BEASTWARS, Blood Becomes Fire (2013, self-released)
Here we have a skull cover so badass, so expertly painted, so perfectly perfect in its perfection, there will be very little need for snarky comment here. Look at it! It’s like the greatest science fiction book cover for the greatest science fiction novel ever. A skull slowly creeps up on a planet that once thought him a moon, and then starts quietly blasting away at the planet’s other moons, which he has gathered and brought closer for the denizens of the planet to get a good look at. Or perhaps it is sucking up these worlds like so much inconsequential dust into an industrial size vacuum tube. Problem is, there are no denizens in sight to bear witness, but hey, the main thrust of the mission is being carried out no fucking matter what. It’s like some apocalyptic version of the Asteroids video game come to life above a hot, arid desert planet, and it can’t help but recall Frank Herbert’s Dune series. Cool as hell. Only thing bringing down my enthusiasm is a pessimistic feeling that the music cannot possibly be as good as the cover.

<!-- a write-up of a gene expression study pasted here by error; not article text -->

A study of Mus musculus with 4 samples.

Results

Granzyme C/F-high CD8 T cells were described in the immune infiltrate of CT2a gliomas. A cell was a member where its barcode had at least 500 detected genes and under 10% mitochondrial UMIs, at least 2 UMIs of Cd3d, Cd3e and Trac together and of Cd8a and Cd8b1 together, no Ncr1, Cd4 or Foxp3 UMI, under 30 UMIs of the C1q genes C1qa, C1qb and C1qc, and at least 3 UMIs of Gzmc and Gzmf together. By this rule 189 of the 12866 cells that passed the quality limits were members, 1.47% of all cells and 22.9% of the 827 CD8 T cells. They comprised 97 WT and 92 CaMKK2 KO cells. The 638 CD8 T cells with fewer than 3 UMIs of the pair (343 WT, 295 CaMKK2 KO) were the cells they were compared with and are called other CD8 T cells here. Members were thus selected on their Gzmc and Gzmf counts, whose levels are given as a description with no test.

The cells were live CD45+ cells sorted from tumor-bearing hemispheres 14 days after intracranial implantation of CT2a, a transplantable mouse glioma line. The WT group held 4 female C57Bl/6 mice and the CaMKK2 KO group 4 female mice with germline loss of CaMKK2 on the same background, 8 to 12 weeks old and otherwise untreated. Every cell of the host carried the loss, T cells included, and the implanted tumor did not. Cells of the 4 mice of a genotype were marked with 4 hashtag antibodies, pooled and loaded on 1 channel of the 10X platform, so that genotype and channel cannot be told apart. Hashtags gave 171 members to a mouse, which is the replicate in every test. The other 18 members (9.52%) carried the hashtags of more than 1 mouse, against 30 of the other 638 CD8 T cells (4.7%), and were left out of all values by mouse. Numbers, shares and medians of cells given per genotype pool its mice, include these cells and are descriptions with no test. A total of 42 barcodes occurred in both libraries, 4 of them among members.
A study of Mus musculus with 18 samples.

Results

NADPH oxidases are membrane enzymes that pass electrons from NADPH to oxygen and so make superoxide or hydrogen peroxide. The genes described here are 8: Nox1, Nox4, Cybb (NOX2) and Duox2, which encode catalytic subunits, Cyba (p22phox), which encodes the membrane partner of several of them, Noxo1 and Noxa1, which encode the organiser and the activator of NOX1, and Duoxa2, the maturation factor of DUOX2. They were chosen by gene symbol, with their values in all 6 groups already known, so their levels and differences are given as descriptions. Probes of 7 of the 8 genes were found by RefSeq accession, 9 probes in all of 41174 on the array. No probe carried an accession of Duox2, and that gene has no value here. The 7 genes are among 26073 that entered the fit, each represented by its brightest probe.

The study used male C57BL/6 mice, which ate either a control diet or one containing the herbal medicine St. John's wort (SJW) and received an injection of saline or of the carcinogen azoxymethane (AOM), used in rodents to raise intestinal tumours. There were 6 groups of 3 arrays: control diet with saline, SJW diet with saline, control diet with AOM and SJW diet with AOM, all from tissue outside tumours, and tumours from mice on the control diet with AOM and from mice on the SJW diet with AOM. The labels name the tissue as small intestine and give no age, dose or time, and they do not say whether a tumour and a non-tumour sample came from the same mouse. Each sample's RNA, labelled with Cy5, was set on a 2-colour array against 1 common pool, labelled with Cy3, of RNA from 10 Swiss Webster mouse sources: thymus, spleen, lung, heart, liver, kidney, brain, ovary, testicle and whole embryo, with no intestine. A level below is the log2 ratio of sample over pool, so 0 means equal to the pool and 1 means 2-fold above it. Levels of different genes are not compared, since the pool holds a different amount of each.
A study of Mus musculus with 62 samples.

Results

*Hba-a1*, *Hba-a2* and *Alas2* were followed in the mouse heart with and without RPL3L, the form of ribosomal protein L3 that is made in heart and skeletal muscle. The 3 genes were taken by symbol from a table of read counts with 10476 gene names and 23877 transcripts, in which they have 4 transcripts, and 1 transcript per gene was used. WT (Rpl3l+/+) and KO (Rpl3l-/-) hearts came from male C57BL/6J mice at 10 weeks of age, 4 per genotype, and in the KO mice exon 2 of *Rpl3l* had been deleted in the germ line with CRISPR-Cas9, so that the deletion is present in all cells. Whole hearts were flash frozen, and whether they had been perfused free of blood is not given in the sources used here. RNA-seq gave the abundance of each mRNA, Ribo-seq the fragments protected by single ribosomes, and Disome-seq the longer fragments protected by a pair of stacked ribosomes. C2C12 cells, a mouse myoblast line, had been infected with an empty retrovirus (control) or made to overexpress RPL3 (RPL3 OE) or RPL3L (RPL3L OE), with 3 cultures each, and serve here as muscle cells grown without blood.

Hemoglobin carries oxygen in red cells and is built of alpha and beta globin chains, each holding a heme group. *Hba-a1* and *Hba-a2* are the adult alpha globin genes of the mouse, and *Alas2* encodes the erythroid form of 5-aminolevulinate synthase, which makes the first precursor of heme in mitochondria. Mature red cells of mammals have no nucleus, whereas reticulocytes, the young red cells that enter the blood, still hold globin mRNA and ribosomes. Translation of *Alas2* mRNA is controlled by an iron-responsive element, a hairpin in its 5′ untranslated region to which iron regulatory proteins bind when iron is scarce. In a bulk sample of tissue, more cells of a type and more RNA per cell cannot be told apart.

These New Zealanders throw down some massive, monolithic stuff throughout Blood Becomes Fire. It’s one huge ball of burning sludge slammed up against even huger balls of burning sludge. It’s got an ominous, creepy quality to it, and they have a keener melodic component than most “sludge” bands, helping them transcend the lamentable sludge tag altogether. I hear everything from Giant Squid to Solstafir to Devin Townsend to Belew-era King Crimson in their music, and no doubt these guys would go down very well with fans of Mastodon. While I was hoping for something more along the lines of Ansur meets Gorguts meets Kayo Dot meets Bolt Thrower, I don’t think such a thing exists, so in that case, Beastwars capably convey the more-epic-than-epic imagery of their insanely great album cover.
— Friar Wagner
This is the ne plus ultra of unironically awesome Big Dumb Skulls.
The music is not awful, either, although there’s something a bit off about the production. Still, worth a free listen on Spotify, for sure.